World Film Collection at Buley : a Feast of Multiculturalism and Diversity
When I started to expand the world film collection at Buley two years ago, I had these objectives in mind. Firstly, it has to represent as many countries and cultures as possible. Secondly, the films have to reflect the highest artistic achievement intended by both the directors and the rest of the production crew. Thirdly, the themes of the movies will be broad, encompassing all possible emotions, circumstances as well as the profound and complex intricacies of human relationships. There are now over 600 films in the collection. In one way or another, each of these films embodies and exemplifies various aspects of these criteria.
New Films / Recent Acquisitions
Reviews of He ni zai yi qi / Together
Director Chen Kaige moves from the epic sweep of Farewell My Concubine to a small, intimate story about a boy and his father--but creates just as rich an emotional impact. Liu Cheng (Liu Peiqi) takes his 13-year-old son Xiaochung (Tang Yun) to Beijing in the hope of finding a teacher who will foster the boy's talent on the violin. The adolescent boy soon becomes infatuated with one of their neighbors, a golddigger named Lili (the lovely Chen Hong), and becomes a pupil of Professor Jiang (Wang Zhiwen). But Liu discovers that a good teacher is not enough; if Xiaochung is to succeed in the world, he must have a teacher with connections--even if this ambition threatens to pull father and son apart. Together would be sappy if it weren't for the emotional honesty of the actors; under Kaige's clean direction, the movie is graceful and deeply moving. --Bret Fetzer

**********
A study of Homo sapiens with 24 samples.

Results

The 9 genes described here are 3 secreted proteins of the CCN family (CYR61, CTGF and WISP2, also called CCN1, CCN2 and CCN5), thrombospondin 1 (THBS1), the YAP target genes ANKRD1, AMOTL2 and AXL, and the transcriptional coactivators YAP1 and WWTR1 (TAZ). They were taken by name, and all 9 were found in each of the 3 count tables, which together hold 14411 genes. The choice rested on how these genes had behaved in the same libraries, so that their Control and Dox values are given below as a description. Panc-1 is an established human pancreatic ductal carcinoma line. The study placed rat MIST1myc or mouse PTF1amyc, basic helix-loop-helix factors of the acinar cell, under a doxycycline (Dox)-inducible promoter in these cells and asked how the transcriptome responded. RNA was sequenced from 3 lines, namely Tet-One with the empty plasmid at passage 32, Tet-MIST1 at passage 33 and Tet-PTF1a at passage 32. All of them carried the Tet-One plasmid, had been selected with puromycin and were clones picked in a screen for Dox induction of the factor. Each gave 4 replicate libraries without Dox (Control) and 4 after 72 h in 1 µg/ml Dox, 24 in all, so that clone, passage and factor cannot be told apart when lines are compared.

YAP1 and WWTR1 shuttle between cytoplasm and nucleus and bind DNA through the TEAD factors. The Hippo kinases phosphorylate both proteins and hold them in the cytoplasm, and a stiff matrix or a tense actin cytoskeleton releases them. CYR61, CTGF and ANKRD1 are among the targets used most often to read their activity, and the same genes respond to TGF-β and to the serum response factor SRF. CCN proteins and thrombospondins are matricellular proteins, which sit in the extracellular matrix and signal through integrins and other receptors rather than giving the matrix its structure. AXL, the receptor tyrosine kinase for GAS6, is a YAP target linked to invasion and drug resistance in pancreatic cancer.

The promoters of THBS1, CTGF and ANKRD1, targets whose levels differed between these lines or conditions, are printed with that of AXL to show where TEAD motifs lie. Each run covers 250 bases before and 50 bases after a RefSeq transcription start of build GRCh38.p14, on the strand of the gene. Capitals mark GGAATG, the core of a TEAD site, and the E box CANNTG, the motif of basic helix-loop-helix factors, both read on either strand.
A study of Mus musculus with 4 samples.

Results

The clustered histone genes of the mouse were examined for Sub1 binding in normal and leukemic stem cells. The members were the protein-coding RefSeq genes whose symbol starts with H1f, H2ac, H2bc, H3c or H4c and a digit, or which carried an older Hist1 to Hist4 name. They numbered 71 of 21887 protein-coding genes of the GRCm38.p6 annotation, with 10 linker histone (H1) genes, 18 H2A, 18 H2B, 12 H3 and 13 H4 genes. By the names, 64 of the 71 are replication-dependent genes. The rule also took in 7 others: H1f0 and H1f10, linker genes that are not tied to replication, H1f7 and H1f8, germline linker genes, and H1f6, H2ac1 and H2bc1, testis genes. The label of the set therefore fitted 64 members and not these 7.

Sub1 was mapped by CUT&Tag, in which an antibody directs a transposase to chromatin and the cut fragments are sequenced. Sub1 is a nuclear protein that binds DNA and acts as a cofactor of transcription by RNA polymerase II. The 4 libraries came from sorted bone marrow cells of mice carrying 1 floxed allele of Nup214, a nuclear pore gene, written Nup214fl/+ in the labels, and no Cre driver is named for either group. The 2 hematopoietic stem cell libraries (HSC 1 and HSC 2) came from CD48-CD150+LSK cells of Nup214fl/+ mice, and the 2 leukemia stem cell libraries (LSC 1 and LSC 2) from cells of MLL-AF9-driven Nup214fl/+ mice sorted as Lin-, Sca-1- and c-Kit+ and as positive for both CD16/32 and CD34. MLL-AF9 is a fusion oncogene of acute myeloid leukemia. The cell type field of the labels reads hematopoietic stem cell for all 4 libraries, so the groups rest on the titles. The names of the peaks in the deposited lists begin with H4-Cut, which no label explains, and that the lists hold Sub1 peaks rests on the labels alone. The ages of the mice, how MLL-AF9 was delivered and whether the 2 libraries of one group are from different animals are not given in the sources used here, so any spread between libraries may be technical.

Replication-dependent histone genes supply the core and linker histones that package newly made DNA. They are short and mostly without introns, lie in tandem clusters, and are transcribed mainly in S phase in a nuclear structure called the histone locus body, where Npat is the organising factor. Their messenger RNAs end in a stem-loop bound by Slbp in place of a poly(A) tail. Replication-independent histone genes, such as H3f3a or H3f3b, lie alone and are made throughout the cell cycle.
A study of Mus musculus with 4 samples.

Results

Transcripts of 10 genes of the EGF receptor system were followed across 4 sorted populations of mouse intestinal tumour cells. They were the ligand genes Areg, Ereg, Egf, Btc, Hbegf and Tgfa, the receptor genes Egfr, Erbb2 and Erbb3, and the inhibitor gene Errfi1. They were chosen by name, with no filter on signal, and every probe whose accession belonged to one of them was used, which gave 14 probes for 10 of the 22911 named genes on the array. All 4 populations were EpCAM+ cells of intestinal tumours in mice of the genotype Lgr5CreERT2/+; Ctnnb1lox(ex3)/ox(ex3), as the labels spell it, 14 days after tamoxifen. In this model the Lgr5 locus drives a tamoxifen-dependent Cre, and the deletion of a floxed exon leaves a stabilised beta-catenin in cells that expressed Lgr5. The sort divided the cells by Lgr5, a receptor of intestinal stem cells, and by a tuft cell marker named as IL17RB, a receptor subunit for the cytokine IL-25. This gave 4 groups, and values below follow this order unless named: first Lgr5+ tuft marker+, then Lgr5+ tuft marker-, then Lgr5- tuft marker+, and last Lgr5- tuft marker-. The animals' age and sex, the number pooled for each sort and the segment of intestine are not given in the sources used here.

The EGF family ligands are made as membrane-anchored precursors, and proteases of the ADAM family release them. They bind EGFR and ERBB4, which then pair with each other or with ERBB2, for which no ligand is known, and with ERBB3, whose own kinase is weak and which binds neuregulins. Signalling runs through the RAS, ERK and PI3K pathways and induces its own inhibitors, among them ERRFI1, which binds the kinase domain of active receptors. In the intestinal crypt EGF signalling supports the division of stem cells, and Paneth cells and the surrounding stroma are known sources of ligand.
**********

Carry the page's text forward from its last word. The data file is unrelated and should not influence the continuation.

Reviews of Hable con ella / Talk to her
Writer-director Pedro Almodóvar makes another masterpiece with Talk to Her, his first film since the wonderful All About My Mother. Marco (Dario Grandinetti) is in love with Lydia (Rosario Flores), a female bullfighter who is gored by a bull and sent into a coma. In the hospital, Marco crosses paths with Benigno (Javier Camara), a male nurse who looks after another coma patient, a young dancer named Alicia (Leonor Watling). From Benigno's gentle attentiveness to Alicia, Marco learns to take care of Lydia... but from there, the story goes in directions that deftly manage to be sad, hopeful, funny, and creepy, sometimes at the same time. The rich human empathy of Almodóvar's recent films is passionate, heartbreaking, intoxicating--there aren't enough adjectives to praise this remarkable filmmaker, who is at the height of his powers. Talk to Her is superb, with outstanding performances from all involved. --Bret Fetzer --This text refers to the Theatrical Release edition.
The lives of four characters flow in all directions, past, present and future, dragging all of them towards an unsuspected destiny. Golden Globe WINNER: Best Foreign Language Film. Academy Award Nominee: Achievement in Directing. Academy Award WINNER: Original Screenplay. Directed by Pedro Almodovar (All About My Mother, Flower of My Secret, High Heels).